A military wife no longer has access to guns or custody of her children. The San Diego sheriff’s office says within just 15 minutes, she put her children, school officials and deputies in danger.
Just before 12 p.m. on Tuesday, neighbors at Eucalyptus Ridge in Lakeside – a townhome military housing complex – said they heard 36-year-old Monique Martin shouting and throwing trash outside her home.
"Next thing we know we see the truck leaving and then a little girl sitting on the curb by herself,” said Cory Shields, who lives in the townhome right across the street. He, along with another neighbor, immediately called 911.
"Emotionally it's hard,” said Shields. “Being a father of two, just to see somebody doing that to their own kid."
Authorities took custody of the girl. Meanwhile, seven minutes later, dispatchers get a 911 call from Lakeside Middle School.
"It's a scary thing,” said Lakeside Union School District Superintendent Andrew Johnsen.
Johnsen says Martin demanded to pull her son from class. School officials refused because she didn’t have an ID – something that didn’t sit well with her.
Deputies say that's when Martin wrapped her arm around the vice principal's neck and shoved him several times before storming off.
“At no time were any students in any danger,” said Johnsen. “And I’m really proud of the staff for how they handled the situation."
Without her son and 13 minutes later, deputies spotted Martin driving 90 mph in a Santee parking lot, near Town Center Parkway. Deputies tried to pull her over, but said she wasn’t going down without a fight.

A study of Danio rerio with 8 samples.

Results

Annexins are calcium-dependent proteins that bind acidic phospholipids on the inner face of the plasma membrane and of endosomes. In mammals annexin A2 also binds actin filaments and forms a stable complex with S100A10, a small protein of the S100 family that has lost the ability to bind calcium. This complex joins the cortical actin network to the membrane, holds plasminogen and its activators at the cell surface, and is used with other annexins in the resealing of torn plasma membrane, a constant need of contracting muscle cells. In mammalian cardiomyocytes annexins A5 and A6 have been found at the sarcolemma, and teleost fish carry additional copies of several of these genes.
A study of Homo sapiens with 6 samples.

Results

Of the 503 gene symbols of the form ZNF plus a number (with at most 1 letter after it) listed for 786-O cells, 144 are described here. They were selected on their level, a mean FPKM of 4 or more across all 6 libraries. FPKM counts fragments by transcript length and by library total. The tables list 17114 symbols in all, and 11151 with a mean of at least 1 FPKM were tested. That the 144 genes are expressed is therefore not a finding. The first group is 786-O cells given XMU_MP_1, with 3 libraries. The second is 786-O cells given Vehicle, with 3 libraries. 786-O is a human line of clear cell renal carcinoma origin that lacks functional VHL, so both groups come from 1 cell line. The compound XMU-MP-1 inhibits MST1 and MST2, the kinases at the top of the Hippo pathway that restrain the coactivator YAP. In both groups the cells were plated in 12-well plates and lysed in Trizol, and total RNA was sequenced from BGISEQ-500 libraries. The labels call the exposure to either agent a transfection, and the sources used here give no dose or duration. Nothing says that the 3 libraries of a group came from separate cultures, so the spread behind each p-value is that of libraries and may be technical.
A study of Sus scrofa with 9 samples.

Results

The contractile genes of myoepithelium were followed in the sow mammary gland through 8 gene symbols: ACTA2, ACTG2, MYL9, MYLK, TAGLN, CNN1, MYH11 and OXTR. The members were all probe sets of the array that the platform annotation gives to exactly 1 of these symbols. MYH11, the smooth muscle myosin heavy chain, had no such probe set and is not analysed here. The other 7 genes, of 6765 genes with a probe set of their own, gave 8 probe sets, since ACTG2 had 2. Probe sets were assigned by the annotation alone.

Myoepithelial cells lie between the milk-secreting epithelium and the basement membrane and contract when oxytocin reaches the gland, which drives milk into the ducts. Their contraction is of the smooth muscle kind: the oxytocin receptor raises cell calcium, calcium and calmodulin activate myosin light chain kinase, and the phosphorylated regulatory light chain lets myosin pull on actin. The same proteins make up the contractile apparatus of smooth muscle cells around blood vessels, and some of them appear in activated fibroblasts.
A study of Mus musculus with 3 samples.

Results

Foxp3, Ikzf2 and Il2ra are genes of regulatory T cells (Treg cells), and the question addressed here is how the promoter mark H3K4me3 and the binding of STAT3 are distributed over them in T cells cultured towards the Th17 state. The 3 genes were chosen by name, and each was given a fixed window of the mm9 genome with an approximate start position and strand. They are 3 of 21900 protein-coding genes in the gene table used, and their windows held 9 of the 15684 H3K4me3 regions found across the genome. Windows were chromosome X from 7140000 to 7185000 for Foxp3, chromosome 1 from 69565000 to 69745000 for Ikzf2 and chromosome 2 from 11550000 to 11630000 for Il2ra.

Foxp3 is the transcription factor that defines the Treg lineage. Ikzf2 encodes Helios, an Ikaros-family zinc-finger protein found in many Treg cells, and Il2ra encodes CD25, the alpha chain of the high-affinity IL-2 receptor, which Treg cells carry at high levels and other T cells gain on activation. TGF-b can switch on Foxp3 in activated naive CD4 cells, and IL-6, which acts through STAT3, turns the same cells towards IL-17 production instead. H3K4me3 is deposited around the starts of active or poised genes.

“As soon as she got out of the car she ran at the deputies,” said Det. Sgt. Tim Chandler. “Basically, the fight was on at that point."
Two deputies suffered minor injuries while arresting Martin, but it’s what they found in her trunk - two guns - that has folks on edge.
"She could have easily walked in there with one or two of the pistols and we could have been having a very different story,” says Chandler.
Martin has since bailed out of jail.
A judge issued a gun violence restraining order – meaning Martin cannot legally purchase a gun in the state of California.
Neighbors also watched her husband give deputies an assault rifle they kept inside the home. He now has custody of both children, and deputies say he is being very cooperative.
Martin faces a felony charge of resisting an executive officer, which carries a maximum sentence of three years in jail. She also faces a misdemeanor charge of battery on school property – punishable by up to a year in jail and a $2,000 fine.
She will return to court for a readiness hearing on Dec. 3 and again on Dec. 8 for a preliminary hearing.